Louis Gross


Education

1979 – Ph.D., Cornell University


Research Interests

See Also: NIMBioS Home Page

Mathematical and computational ecology; environmental modeling and restoration; grid-computing and multimodeling of ecological systems linked to abiotic influences; spatial optimization and control in conservation ecology and natural resource management; quantitative curricula and training for the life sciences.

Multimodeling and Everglades Restoration

In collaboration with Donald DeAngelis of the US Geological Survey, the staff of The Institite for Environmental Modeling and numerous colleagues, the ATLSS Project(Across Trophic Level Sytem Simulation) has been developed as one of the largest ecological modeling initiatives ever attempted, with the objective of providing a firm scientific basis for public policy decisions governing long-term water planning in South Florida. This is a multimodel, linking together models for biological components (species, functional groups) operating at differing spatial and temporal scales with physical system components. These provide a method for relative comparisons of the impacts of alternative hydrologic scenarios on various biotic components, meeting the diverse needs of numerous stakeholder groups involved in Everglades planning.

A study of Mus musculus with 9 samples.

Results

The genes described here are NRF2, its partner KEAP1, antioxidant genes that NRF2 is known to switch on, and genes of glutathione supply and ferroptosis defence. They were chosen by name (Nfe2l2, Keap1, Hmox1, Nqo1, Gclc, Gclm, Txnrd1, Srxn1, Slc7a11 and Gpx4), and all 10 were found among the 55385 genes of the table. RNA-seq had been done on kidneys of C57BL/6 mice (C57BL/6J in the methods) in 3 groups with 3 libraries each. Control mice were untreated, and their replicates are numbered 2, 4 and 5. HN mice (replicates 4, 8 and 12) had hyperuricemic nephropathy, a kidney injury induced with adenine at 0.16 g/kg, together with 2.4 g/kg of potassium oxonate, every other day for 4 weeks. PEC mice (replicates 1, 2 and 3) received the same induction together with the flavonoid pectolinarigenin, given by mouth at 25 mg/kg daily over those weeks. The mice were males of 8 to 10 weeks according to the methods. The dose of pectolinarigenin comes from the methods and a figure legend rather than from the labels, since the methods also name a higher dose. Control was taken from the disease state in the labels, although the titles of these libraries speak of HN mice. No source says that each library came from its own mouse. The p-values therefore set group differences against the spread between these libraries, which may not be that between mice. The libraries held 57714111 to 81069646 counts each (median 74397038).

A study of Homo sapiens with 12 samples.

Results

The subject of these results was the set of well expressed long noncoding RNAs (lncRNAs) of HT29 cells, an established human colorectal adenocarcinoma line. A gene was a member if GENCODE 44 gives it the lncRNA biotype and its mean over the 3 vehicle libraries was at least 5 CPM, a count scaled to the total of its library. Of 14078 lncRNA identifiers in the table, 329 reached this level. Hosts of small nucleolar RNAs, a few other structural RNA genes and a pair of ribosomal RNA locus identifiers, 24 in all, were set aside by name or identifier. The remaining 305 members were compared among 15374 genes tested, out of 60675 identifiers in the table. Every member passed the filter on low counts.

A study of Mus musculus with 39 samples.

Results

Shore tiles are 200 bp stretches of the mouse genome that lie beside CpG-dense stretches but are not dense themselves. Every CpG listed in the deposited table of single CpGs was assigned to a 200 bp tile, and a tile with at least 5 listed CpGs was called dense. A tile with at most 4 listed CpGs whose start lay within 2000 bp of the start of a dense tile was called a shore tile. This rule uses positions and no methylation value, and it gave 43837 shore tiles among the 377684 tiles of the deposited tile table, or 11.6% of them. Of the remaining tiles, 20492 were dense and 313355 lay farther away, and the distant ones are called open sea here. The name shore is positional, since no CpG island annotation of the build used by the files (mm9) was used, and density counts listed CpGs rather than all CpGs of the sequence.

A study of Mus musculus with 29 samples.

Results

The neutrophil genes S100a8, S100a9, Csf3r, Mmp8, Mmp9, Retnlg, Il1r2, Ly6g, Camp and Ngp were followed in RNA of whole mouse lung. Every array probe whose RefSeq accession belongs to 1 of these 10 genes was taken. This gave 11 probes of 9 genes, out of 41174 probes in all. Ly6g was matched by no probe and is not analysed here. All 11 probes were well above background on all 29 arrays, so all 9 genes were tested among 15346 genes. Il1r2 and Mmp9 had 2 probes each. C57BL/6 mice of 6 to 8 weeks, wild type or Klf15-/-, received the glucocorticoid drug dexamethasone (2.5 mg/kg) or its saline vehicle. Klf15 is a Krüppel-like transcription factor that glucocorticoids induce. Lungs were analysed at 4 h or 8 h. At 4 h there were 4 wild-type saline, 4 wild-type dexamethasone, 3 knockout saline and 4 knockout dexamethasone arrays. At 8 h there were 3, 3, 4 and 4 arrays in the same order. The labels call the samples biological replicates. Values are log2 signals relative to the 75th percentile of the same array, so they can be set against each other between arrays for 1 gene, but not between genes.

Grid-computing, parallelization and computational ecology

We have developed the first applications of grid-computing to natural resource modeling, building the capacity for resource managers at diverse locations to utilize the computational facilities at Tennessee to simulate and analyze Everglades restoration scenarios. As part of this, we have been developing new methods to parallelize ecological models of various types.

Spatial control of natural systems

I believe that most problems of applied ecology can be phrased as ones of spatial control: what to do, where to do it, how to implement it, and how to assess the implications of the actions taken. In collaboration with numerous colleagues, I have been developing both theoretical aspects of spatial control in application to natural systems, as well as very applied aspects such as methods for controlling certain invasive species.

Quantitative education in the life sciences

I have developed over the past decade a variety of courses, modules, workshops and curricular materials to assist the mathematical and computational training of life science undergraduates. The entry-level mathematics sequence I developed was used as a case-study in the Bio2010 report and some other aspects of my educational initaives are described on our Quantitive Bioeducation pages.